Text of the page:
By Thomas Catenacci
A key consumer price metric used by the government to measure inflation soared 8.5% over the last 12 months — the fastest pace of inflation since December 1981 — the Department of Labor (DOL) announced Tuesday.
The Consumer Price Index (CPI) increased 1.2% between February and March, the fastest month-over-month figure since 2005, according to the Labor Department report released Tuesday morning. Economists surveyed by the Dow Jones projected that CPI would increase 1.1% last month and 8.4% over the 12-month period ending in March, CNBC reported.
“We’re seeing strong inflation momentum across the board, both for goods and services,” Blerina Uruci, a U.S. economist at T. Rowe Price Group, told The Wall Street Journal.
The White House warned Monday that the CPI figures would be “extraordinarily elevated” ahead of the report, but blamed Russian President Vladimir Putin. Gasoline prices hit record highs in March after Russia’s invasion of Ukraine which disrupted global energy markets dominated by Russian supplies.
“Because of the actions we’ve taken to address Putin — the Putin price hike, we are in a better place than we were last month,” White House press secretary Jen Psaki told reporters at a press briefing. “But we expect March CPI headline inflation to be extraordinarily elevated due to Putin’s price hike.”
“We expect a large difference between core and headline inflation, reflecting the global disruptions in energy and food markets,” she added.
But core CPI, which measures prices of all goods excluding the historically-volatile energy and food categories, still rose 6.5% between April 2021 and March, the DOL said. While lower than the headline figure, the core inflation number reported Tuesday still represented its largest jump since August 1982.
Inflation has surged over the past several months: CPI surpassed the Federal Reserve’s 2% benchmark in May 2021 and has since precipitously climbed higher, according to federal data. Inflation increased a whopping 7.5% and 7.9% in January and February respectively, before Putin ever ordered troops to assault Ukraine.
Prices for new and used vehicles, rent, medical care, commodities and transportation costs like airline fares have all skyrocketed over the past year, the Tuesday report showed.
“As expected, inflation soared in March,” Joel Naroff, the chief economist of the Pennsylvania-based economic consulting firm Naroff Economics, told the Daily Caller News Foundation. “But it wasn’t just energy, which continued to spike as a consequence of Russia’s invasion of Ukraine. Food, clothing, medical care and transportation were all up sharply as well.”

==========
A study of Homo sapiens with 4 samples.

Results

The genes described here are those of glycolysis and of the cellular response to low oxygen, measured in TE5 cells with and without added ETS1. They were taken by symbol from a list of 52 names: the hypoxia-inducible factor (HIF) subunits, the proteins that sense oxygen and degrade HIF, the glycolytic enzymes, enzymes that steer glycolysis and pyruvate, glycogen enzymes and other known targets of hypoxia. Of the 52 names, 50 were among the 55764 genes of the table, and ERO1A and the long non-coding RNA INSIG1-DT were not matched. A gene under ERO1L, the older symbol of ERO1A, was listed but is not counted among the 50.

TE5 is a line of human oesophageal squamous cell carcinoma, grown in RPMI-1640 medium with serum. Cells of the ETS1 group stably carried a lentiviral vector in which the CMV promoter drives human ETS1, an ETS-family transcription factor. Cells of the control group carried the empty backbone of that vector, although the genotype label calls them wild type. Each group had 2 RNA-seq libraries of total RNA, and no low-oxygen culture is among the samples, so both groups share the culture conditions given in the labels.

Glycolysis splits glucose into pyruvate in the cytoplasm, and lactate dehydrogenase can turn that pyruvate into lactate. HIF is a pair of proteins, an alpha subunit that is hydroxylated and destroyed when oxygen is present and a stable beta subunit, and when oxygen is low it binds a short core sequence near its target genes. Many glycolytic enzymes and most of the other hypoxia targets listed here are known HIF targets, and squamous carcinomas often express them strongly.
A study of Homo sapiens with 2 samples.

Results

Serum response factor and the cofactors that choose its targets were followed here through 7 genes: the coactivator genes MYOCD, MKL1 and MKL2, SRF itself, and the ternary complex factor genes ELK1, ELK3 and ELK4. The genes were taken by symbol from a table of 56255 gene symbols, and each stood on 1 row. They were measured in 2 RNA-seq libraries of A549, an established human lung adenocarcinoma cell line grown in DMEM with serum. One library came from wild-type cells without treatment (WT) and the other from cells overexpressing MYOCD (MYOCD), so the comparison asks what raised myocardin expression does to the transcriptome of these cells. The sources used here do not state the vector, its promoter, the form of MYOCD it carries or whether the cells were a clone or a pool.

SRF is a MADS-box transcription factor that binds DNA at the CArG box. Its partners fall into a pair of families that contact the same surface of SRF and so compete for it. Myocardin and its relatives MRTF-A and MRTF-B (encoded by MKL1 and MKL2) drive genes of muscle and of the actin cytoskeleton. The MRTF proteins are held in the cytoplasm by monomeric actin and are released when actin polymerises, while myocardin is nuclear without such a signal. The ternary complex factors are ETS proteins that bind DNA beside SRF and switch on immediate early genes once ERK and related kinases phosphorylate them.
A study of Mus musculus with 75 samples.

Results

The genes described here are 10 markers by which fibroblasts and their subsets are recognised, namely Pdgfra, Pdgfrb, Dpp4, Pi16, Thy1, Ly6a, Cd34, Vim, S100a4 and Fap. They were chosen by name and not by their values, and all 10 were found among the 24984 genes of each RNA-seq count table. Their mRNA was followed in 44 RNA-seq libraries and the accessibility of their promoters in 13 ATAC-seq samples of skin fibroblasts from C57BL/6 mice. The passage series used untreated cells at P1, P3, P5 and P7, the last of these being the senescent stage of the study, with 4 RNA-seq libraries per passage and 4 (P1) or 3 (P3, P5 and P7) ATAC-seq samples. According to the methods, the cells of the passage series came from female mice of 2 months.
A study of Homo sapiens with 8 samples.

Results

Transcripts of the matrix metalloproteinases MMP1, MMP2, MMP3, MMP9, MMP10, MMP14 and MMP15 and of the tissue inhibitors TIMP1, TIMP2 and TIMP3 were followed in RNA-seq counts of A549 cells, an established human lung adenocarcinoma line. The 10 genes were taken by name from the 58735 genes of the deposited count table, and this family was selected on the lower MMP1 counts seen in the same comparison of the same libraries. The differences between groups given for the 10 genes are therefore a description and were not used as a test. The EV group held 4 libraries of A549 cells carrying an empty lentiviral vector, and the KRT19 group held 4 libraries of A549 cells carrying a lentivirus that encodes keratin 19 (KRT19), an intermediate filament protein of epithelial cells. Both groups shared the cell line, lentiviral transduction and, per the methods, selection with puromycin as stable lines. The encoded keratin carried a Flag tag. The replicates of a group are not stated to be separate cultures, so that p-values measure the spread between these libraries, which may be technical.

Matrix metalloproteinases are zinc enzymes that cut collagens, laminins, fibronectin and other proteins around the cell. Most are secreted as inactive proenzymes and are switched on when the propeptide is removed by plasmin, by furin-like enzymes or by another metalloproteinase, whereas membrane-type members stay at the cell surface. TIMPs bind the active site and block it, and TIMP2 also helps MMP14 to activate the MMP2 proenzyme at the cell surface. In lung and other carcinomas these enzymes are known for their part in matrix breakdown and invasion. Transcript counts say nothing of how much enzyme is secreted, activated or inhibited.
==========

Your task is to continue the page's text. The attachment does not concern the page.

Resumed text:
While recent jobs reports have shown strong growth, Americans are more concerned about inflation when it comes to the economy, according to a CBS News poll released Monday. Just 31% of those surveyed said they approved of President Joe Biden’s handling of inflation.
Small business owners listed inflation as the biggest issue facing them, a survey released Tuesday by the National Federation of Independent Business showed.
The dotted line is Putin's invasion of Ukraine.
Oh, wait, it's not.
It's Biden's inauguration. pic.twitter.com/4JYsxGBqDd
— Brad Polumbo 🇺🇸⚽️🏳️🌈 (@brad_polumbo) April 11, 2022
Critics, meanwhile, have accused the Federal Reserve of failing to properly act as prices have shot up across sectors over the last 12 months. Fed officials have turned their focus too much toward social justice issues instead of monetary policy, a recent Independent Institute report concluded.
“This is a direct result of Biden’s Federal Reserve being too preoccupied with ‘diversity,’ ‘equity,’ and ‘climate change’ while ignoring all the warning signs on inflation for more than a year,” E.J. Antoni, a research fellow at The Heritage Foundation’s Center for Data Analysis, told the Daily Caller News Foundation. “The Fed is laughably behind the curve and people are demonstrably poorer because of it.”
Prior to the report Tuesday, Antoni predicted the 12-month figure to reach 8.3% and the month-over-month number to surpass 1.0%. He added that, under his projections, real wages would be down over 4.0% since Biden took office in January 2021.
Republicans on the Senate Banking Committee have repeatedly slammed the Federal Reserve for its persistent push to address climate change in recent months. The lawmakers said the Fed is increasingly focusing on areas outside of its congressional mandate.